Wednesday, November 10, 2010

An Old-Fashioned Read -- I Thnk

Some of the most pleasant memories I have and will ever have are of browsing in bookstores. I don’t mind the the big chains, I understand why they exist and why the small independent stores, most of them, are fewer and number and don’t live long when they pop up hopefully in artsy neighborhoods. So I cherish those small ones all the more when I find one.

On our family vacation in Estes Park a couple of years ago I happened on the Macdonald Book Shop on Elkhorn, the village’s main drag. I bought Jayne Anne Phillips’s most recent novel (which I really must get to sometime) and struck up a conversation with the proprietor. I don’t often ask for recommendations, but I wanted to spend more money there and didn’t see how I could go wrong.

At this point, my dreamy recollection from the musty stacks takes a left turn, because one of the books she recommended was one of the very worst books I have ever read, and I warned you about it here. So I was not particularly looking forward to reading the other one she recommended, So Brave, Young, and Handsome by Leif Enger.

Yet I found myself quickly charmed. Turning the pages to find out what happened next took very little effort. This struck me almost from the outset as a very old fashioned novel in the former sense of the word – a novelty, an unusual tale, something that transports us into a new (that is, novel) world. I won’t be giving anything away to tell you that the novel is narrated by Monte Becket, a man living in Minnesota with his lovely wife and lively adolescent son in the mid-1920s. He wrote one successful novel and found himself unable to finish another one. He encounters an enigmatic stranger, Glendon Hale, who, after initial reticence, becomes friends with the family. Hale, who has skill as a boatmaker, plans to set off to find his first wife he calls Blue, a Mexican woman he left many years earlier, to apologize to her. Becket decides to join him, and the book is about their journey and what happens to them along the way. There are two other major characters, a young buck who is magic with horses and engines – the automobile is still in its preadolescence – and the real-life character Charlie Siringo, a former Pinkerton detective. About the plot I will say no more.

I read this book quickly to its conclusion (285 pages) and when I was done, I thought my, what a fine book. And then I thought: but what was the point? Was there a catharsis? Did the characters change? What explains its unexpected conclusion, and how does it illuminate the darker corners of the human condition? Was it intended to do so, or was I just tricked into reading something that was just a plot, a coupla guys who started out here, to whom stuff happened as they moved along, and ended up there, the end?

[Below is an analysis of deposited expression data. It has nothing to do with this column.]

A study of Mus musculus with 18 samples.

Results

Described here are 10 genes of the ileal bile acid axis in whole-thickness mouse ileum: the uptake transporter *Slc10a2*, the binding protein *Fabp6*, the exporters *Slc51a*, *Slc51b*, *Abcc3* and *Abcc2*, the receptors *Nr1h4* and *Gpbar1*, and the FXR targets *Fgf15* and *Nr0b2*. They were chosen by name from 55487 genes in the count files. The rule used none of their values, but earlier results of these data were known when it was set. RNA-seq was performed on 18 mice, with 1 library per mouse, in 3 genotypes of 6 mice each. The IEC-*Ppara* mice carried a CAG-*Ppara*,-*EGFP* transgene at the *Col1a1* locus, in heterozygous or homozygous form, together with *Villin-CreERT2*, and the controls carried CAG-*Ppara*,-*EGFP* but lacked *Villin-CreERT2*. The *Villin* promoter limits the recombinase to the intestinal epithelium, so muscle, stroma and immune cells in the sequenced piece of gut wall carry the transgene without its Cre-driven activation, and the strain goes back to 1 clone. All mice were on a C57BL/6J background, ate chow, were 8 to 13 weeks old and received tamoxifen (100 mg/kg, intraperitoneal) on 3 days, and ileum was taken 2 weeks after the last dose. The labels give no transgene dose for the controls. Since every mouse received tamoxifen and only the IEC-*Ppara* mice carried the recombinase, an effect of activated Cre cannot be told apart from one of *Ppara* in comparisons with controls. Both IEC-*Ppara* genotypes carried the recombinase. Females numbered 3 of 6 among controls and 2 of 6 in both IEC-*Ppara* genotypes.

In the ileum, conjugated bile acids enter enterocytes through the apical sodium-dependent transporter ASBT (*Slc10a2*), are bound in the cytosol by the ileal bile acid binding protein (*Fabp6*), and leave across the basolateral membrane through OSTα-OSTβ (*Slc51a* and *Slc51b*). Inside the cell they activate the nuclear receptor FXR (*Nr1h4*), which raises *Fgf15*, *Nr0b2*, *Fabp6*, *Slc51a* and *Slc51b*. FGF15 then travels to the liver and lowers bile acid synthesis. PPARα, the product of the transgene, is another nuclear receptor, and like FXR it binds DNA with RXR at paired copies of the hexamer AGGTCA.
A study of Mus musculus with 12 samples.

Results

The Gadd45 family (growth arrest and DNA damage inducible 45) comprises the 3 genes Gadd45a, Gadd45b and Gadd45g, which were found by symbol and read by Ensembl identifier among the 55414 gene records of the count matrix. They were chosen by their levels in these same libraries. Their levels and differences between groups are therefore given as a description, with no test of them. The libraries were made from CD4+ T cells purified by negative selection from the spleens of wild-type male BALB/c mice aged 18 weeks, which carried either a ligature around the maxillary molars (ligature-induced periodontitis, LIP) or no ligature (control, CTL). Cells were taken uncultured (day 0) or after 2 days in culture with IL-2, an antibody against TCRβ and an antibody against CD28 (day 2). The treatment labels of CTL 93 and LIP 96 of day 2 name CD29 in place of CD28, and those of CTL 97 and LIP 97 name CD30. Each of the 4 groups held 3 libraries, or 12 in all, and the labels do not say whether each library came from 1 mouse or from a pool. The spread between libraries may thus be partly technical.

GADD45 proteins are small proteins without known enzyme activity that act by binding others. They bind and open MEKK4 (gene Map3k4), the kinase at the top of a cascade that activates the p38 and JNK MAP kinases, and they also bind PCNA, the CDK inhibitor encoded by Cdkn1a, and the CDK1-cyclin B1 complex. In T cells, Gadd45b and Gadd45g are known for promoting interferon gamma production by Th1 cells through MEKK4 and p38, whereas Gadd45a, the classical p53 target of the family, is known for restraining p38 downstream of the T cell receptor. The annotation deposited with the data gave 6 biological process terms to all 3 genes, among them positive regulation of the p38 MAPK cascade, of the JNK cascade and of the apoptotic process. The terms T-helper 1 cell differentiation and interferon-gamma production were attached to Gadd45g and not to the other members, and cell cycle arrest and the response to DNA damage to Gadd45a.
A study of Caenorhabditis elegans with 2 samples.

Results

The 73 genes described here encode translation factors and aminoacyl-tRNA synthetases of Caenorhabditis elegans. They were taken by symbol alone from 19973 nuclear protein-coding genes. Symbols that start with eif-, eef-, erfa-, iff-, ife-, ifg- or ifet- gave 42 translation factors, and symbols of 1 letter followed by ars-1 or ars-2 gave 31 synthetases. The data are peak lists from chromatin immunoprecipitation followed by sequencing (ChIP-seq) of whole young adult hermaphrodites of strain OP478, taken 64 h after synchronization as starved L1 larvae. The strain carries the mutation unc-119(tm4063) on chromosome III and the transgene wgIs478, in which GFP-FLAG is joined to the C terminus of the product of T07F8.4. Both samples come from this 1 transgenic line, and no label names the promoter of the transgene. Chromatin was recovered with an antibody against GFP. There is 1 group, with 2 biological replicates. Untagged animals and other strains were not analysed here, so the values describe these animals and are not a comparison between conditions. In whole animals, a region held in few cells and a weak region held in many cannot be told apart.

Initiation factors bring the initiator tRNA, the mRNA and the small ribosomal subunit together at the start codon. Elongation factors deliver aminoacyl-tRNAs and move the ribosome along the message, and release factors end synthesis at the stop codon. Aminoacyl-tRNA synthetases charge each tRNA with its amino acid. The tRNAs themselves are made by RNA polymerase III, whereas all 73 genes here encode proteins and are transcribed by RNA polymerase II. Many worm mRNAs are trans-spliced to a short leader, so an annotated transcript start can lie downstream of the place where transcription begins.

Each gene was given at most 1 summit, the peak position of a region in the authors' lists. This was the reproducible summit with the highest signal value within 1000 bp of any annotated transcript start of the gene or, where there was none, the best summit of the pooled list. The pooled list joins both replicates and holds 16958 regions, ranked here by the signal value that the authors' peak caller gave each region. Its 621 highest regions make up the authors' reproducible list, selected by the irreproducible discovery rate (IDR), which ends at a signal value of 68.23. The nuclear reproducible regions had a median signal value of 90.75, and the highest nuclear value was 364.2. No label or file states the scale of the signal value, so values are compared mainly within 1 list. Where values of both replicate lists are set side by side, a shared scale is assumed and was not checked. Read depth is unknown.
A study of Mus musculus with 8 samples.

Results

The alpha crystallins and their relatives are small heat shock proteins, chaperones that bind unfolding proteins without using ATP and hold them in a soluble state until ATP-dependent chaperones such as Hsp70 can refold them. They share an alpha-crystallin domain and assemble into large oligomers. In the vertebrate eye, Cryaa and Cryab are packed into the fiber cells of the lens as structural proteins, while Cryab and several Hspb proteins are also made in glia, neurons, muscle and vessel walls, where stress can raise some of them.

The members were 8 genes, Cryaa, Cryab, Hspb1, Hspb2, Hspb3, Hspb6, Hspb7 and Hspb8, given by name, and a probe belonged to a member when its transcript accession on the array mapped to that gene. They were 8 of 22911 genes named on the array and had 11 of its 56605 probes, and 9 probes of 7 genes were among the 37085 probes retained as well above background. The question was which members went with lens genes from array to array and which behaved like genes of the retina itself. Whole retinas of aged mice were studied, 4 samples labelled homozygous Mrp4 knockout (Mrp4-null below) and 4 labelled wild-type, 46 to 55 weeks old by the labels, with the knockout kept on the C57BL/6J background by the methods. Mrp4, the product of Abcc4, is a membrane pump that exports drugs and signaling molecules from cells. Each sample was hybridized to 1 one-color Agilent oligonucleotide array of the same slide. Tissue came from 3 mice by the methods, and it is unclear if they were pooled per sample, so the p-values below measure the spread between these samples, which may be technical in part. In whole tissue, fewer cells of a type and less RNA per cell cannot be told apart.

No, I don’t think I was duped. I felt enriched, as I do when I feel like I’ve ingested something of value and I think I will remember this book. But I will tell you that it perplexed me, and it perplexes me as I write these lines. This is one of those books that has a study guide in the back with a bunch of questions designed to guide the discussions of book clubs. I looked through them and as I did, I thought yeah, I should have noticed that.

Which makes me think that this is one of those books with hidden riches that are so skillfully hidden that I – who must read quickly and perhaps less reflectively than I should properly to honor the author’s art – would not experience them unless I worked at it. That’s not a criticism. I felt the book’s value as I read it, but I knew just as certainly that I wasn’t going to be able to articulate its lessons. But I feel that those lessons are there.

Perhaps you can experience them. But even if you don’t, it’s a fine read, and I commend it to you.

2 comments:

  1. I have read Peace Like a River, his other popular work. And I really liked it. But I felt the exact same way as you did with this one!! I didn't take away anything life changing, but I enjoyed it nonetheless.